With COVID-19 hospitalizations declining and deaths stable in Los Angeles County, officials on Monday said they were “cautiously optimistic” that efforts to slow the spread of the virus are working.
The county recorded another 1,920 coronavirus cases and 19 new COVID-19 deaths Monday, bringing the countywide case total to 210,424 with 4,996 deaths. Though officials said they believe the one-day increase is a “fairly accurate” count, there are likely past cases that haven’t been counted due to technical issues with the state’s electronic lab system.
The L.A. County Department of Public Health said Sunday that the state expects to send the county the backlog of lab reports “over the upcoming days.”
County Health Director Barbara Ferrer has called the technical issue “troubling,” explaining that it affects the county’s contact tracing efforts.
The glitch did not affect the county’s COVID-19 hospitalization numbers — a key indicator of the county’s progress in stopping the spread of the coronavirus, according to health officials.
Hospitalization numbers have declined since spiking in mid-June and surging in July, when the county saw a record number of COVID-19 patients flood into hospitals, with more than 2,000 people being treated in hospitals for the virus each day.
There were 1,514 people hospitalized for COVID-19 in L.A. County Monday, 31% of them in intensive care units and 18% on ventilators.
“We’re averaging about 1,600 daily hospitalizations,” Ferrer said. “This is significant progress in a matter of a week, and it only happened because of all the work everyone’s been doing.”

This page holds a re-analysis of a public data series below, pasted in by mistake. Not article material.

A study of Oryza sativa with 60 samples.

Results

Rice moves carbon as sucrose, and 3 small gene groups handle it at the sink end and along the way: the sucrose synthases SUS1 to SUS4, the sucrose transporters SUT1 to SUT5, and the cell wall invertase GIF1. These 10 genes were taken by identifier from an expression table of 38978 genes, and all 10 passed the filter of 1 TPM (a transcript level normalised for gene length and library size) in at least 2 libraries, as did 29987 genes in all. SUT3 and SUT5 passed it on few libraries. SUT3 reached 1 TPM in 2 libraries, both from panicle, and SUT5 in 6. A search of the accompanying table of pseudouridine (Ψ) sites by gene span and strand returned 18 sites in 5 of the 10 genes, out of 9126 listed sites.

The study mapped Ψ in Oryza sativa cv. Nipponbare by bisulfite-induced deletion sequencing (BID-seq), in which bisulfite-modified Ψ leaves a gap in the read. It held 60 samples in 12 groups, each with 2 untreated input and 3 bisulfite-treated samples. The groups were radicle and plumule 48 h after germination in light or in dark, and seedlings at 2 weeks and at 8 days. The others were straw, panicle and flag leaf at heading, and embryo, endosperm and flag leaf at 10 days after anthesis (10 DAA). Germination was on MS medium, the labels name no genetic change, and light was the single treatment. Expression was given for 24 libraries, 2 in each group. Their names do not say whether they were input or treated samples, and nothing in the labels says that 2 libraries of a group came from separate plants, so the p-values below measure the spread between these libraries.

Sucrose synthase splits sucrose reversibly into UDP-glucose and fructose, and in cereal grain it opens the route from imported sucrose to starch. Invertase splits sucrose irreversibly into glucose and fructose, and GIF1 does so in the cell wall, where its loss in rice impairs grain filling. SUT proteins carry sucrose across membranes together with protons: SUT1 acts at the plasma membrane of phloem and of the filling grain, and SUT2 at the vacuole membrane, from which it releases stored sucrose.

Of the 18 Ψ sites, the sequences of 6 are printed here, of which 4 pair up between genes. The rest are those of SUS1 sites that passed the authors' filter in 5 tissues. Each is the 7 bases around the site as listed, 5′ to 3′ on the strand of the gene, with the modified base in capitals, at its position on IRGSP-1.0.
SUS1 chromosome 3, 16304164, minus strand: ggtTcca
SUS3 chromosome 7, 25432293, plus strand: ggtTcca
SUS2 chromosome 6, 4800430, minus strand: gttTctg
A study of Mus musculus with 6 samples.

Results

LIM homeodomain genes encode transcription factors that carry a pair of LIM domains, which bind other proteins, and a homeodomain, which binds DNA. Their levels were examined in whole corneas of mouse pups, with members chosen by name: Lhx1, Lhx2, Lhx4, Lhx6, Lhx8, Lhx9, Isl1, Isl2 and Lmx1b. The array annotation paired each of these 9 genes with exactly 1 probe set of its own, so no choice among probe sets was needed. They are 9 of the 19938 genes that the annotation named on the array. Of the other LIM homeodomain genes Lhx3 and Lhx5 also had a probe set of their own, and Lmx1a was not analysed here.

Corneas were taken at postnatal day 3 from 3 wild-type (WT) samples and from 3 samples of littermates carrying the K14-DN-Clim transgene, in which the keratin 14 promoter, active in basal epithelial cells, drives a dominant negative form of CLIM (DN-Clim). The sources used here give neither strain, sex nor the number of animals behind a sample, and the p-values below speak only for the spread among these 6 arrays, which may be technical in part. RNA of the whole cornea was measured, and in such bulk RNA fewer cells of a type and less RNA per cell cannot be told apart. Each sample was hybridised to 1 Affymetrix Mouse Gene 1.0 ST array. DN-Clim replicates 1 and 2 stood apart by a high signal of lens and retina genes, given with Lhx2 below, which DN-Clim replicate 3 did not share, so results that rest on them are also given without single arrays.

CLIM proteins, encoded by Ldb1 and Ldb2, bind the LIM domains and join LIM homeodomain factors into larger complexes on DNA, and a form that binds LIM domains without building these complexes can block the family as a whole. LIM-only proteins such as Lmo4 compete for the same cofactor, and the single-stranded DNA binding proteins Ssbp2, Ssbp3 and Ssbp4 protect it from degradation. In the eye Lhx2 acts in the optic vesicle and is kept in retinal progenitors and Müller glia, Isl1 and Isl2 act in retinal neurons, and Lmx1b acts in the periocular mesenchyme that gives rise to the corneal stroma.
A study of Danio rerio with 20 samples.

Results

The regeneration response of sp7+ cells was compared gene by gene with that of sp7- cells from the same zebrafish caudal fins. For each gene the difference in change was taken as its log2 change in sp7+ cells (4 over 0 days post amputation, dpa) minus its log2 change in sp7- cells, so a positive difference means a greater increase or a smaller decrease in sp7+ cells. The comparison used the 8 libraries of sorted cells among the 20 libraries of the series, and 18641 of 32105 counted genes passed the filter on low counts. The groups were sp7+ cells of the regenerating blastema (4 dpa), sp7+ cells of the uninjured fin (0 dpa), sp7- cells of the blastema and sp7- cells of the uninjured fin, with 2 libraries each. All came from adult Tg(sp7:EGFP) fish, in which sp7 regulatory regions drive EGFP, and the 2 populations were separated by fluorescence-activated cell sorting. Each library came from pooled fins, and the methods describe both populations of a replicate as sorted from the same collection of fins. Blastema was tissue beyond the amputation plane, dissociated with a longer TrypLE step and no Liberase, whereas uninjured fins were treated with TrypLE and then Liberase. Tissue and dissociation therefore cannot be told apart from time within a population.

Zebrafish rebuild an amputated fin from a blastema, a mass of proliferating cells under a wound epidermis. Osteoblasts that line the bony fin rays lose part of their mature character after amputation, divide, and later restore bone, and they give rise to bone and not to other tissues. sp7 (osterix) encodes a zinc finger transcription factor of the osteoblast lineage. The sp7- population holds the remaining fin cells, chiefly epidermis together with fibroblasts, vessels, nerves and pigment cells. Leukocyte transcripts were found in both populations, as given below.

COVID-19 deaths have been stable in the county, but officials are now seeing numbers beginning to decline, Ferrer said.
The county averaged about 41 daily COVID-19 deaths for several days towards the end of July, but the daily average is now at 31 deaths for the start of August.
At the start of the pandemic through the beginning of May, about half of all the cases in California were in L.A. County. But the trend started to shift in mid-June, and now the county accounts for less than 37% of cases in the state, the health director said.
Ferrer said that despite complications from the missing lab data, the number of new cases reported each day over last few days have stabilized well below the average of 3,000 daily cases the county was seeing in mid-July.
“It’s still a very high number, but it does show that we’re making some progress,” she said.
The county’s seven-day average positivity rate spiked at the end of July, but has since dropped back down to about 7.3%, Ferrer said, noting that the department will adjust the rate once it gets the missing data from the state.
It’s unclear how fixing the reporting issue will affect the county’s coronavirus trends seen in recent weeks.
Of the cases the county does have confirmed, younger residents continue to make up the majority of new infections reported. People under 50 years old accounted for 69% of the 1,789 cases reported Sunday.
“As we begin to see the curve flattening again, I want to urge everyone to remain cautious and attentive to the reality of COVID-19; it is not going away any time soon. If we return to life as we knew it before the pandemic hit, we will see cases, hospitalizations and deaths increase once again,” Ferrer said in a statement Sunday.